Ahead of Sony’s own IFA press event, it’s already announced its latest head-mounted display. The HMZ-T3 is the third iteration and while there’s no substitutional reality function (or camera), the company’s made some important improvements that could tip the balance for anyone concerned with sinking a substantial amount of cash for a one-person display. It’ll come in a new “wireless” iteration — we’ll explain why we used those quote marks a little later — while Sony has also improved the clarity of its dual OLED displays through lens and software adjustments (although the 720p resolution stays the same). There’s now a bigger viewing sweet spot and several new specialized screen options for gaming and movie-watching. Our favorite new feature, however, is the ability to plug in Android (presumably Xperia) devices with micro-HDMI / MHL connectivity. The device, via the battery pack, has ports for both full-size and micro-HMDI cables, and given the current influx of HD-capable smartphones (and content), it’s a pretty pervasive way to use it.
The HMZ-T3 also arrives with high-definition audio, virtualized 7.1 channel sound and has shed 10 grams since the T2. That’s despite improved padding and some more forgiving adjustment controls that made wearing the device noticeably less frustrating. Both wireless and wired options are set to go on sale in Japan this October and while a global roll-out isn’t yet confirmed, Sony’s told us that it’s certainly “in discussions” about further availability. We managed to get some early access to the wearable ahead of its reveal in Germany, so naturally, we played some games and watched some video. Our initial impressions and more details are right after the break.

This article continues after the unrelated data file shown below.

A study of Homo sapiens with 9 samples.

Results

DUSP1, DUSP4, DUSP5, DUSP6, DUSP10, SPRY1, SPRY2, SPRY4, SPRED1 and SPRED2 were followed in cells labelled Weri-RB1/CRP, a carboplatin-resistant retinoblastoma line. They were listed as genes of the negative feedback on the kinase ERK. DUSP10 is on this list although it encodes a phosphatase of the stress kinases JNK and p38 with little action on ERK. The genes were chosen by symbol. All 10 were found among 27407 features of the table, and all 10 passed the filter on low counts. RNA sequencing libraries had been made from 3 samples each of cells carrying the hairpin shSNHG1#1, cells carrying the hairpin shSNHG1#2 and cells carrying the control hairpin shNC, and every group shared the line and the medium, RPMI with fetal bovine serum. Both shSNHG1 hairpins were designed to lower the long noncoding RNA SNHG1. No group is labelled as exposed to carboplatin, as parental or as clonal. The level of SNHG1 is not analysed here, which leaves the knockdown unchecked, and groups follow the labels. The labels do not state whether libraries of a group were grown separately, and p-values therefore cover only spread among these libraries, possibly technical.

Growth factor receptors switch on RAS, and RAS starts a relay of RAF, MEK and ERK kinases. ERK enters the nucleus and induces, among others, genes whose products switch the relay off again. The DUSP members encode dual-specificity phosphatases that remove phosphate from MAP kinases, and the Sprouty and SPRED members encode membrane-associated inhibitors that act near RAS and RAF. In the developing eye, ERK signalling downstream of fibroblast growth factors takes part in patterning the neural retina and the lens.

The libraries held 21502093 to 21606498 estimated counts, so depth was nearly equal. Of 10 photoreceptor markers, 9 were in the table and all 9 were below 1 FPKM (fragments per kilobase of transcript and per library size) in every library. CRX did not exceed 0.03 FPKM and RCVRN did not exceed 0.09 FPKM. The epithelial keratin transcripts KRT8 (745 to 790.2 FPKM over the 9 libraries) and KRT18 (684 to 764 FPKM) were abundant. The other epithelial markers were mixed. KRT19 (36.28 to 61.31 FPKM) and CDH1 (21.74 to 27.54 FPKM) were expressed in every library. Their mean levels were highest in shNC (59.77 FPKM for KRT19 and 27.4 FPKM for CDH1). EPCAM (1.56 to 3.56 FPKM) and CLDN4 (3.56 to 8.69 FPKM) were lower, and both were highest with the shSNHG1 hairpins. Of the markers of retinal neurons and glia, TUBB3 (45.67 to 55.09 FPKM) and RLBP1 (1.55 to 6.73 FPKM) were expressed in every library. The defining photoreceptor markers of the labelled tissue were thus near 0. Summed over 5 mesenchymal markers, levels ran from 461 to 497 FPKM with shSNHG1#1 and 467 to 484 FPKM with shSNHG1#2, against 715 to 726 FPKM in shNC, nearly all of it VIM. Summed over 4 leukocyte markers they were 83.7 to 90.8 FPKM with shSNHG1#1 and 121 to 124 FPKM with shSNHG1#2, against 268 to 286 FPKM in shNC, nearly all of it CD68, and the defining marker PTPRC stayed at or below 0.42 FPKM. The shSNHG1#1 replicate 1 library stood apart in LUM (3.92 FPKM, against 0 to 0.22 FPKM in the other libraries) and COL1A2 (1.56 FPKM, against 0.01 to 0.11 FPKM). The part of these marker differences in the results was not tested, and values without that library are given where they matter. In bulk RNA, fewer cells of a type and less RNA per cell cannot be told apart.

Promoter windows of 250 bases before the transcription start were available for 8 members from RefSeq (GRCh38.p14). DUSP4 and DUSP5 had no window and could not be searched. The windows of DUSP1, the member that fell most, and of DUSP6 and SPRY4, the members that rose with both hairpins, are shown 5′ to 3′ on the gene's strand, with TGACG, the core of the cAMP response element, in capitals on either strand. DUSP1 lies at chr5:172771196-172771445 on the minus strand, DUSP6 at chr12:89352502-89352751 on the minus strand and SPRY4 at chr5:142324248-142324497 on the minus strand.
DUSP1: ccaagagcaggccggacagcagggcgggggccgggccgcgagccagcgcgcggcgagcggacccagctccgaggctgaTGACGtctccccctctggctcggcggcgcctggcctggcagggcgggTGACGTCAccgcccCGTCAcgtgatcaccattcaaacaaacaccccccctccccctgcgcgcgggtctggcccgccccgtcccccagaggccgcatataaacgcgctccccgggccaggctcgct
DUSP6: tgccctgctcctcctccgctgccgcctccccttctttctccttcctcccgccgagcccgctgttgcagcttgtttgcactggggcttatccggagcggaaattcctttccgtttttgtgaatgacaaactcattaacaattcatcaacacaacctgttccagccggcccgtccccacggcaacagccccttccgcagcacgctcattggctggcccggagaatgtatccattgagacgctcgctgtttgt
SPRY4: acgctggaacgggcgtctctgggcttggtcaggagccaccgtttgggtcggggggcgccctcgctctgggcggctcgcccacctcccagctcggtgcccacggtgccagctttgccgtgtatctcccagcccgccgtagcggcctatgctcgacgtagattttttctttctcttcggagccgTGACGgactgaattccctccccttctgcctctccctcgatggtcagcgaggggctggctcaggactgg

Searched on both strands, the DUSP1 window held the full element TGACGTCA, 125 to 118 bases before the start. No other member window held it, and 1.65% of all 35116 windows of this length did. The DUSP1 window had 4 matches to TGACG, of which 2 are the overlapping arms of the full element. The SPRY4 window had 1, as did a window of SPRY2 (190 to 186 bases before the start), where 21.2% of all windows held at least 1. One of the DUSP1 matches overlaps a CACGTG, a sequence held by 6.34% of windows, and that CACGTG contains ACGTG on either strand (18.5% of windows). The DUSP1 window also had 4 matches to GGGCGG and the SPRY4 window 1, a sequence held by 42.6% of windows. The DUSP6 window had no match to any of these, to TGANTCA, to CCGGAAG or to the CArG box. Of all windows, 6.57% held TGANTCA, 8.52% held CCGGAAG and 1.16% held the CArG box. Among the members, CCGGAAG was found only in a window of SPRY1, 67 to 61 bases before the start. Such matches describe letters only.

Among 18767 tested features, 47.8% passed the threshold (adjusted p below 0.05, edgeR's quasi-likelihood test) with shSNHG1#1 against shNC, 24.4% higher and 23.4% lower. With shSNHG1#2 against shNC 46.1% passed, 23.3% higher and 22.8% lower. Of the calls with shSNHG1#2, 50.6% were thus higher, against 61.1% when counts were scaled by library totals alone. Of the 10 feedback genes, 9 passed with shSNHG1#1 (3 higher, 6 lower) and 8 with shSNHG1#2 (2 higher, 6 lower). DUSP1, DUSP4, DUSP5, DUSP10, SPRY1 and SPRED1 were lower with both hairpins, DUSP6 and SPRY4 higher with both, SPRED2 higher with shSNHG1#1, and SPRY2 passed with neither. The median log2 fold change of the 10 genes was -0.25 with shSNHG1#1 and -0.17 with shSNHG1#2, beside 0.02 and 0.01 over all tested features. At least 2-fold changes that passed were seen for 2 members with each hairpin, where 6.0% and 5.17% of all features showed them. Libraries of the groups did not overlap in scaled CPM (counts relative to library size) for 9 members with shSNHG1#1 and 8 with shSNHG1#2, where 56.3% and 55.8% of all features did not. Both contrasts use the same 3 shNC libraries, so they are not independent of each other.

The gaming experience was pretty similar to what we saw on last year’s model, although there’s some new viewing menu options to increase the visibility of darker areas in-game without washing out the brighter parts. There’s also the ability to reduce the ‘size’ of the screen you’re viewing, down to 70 percent, if you’re finding the HMZ-T3 a little too immersive. Sony has also thrown in a new ‘screen’ mode for 2D content which offers a curved, movie theater-esque wraparound view. Video content was noticeably clearer and sharper than on its predecessors — colors were richer and the view didn’t have the same haze or blur we experienced on the T2 model. The separate processing unit (needed for the wireless function and linking to your PlayStation 3 or Blu-ray player), has been improved too, with the sensible inclusion of multiple HDMI input ports.
Sound-wise, Sony has added a new 32-bit DAC, and both sets arrive with some of the company’s better in-ear buds — MDR-XB90 headphones for the HMZ-T3W and MDR-EX300s buds for the wired HMZ-T3. These connect just below and to the left of the the eye-piece, which has been redesigned following feedback from last year’s model, with the display now now easier to focus on. There’s still a slider beneath each lens to adjust.
Further feedback has also resulted in Sony adjusting the headbands and rebalancing the weighting of the headset. The upper band is made of flexible plastic and you can adjust the length from either side. The front headrest has been further expanded, is now taller and can be folded away within the headset for storage — these changes were made to keep the HMZ-T3 securely on your head and increase the comfort during extended sessions, although we feel it’s still a little too heavy. There’s also a certain knack to getting it to fit on your head just right — once we had adjusted the headbands and placement, though, it felt pretty comfortable with or without glasses.
Now about that wireless model. While the headset’s new Wireless HD mode can stream content to the unit without any picture quality degradation up to seven meters away, the battery unit (which receives the signal) is still tethered to the headset. At least Sony has managed to slim the cable down since the last model and the aforementioned battery-pack (rated for up to 3 hours of use) is small enough to slip in a shirt or trouser pocket — it takes up around the same space as two smartphones, stacked.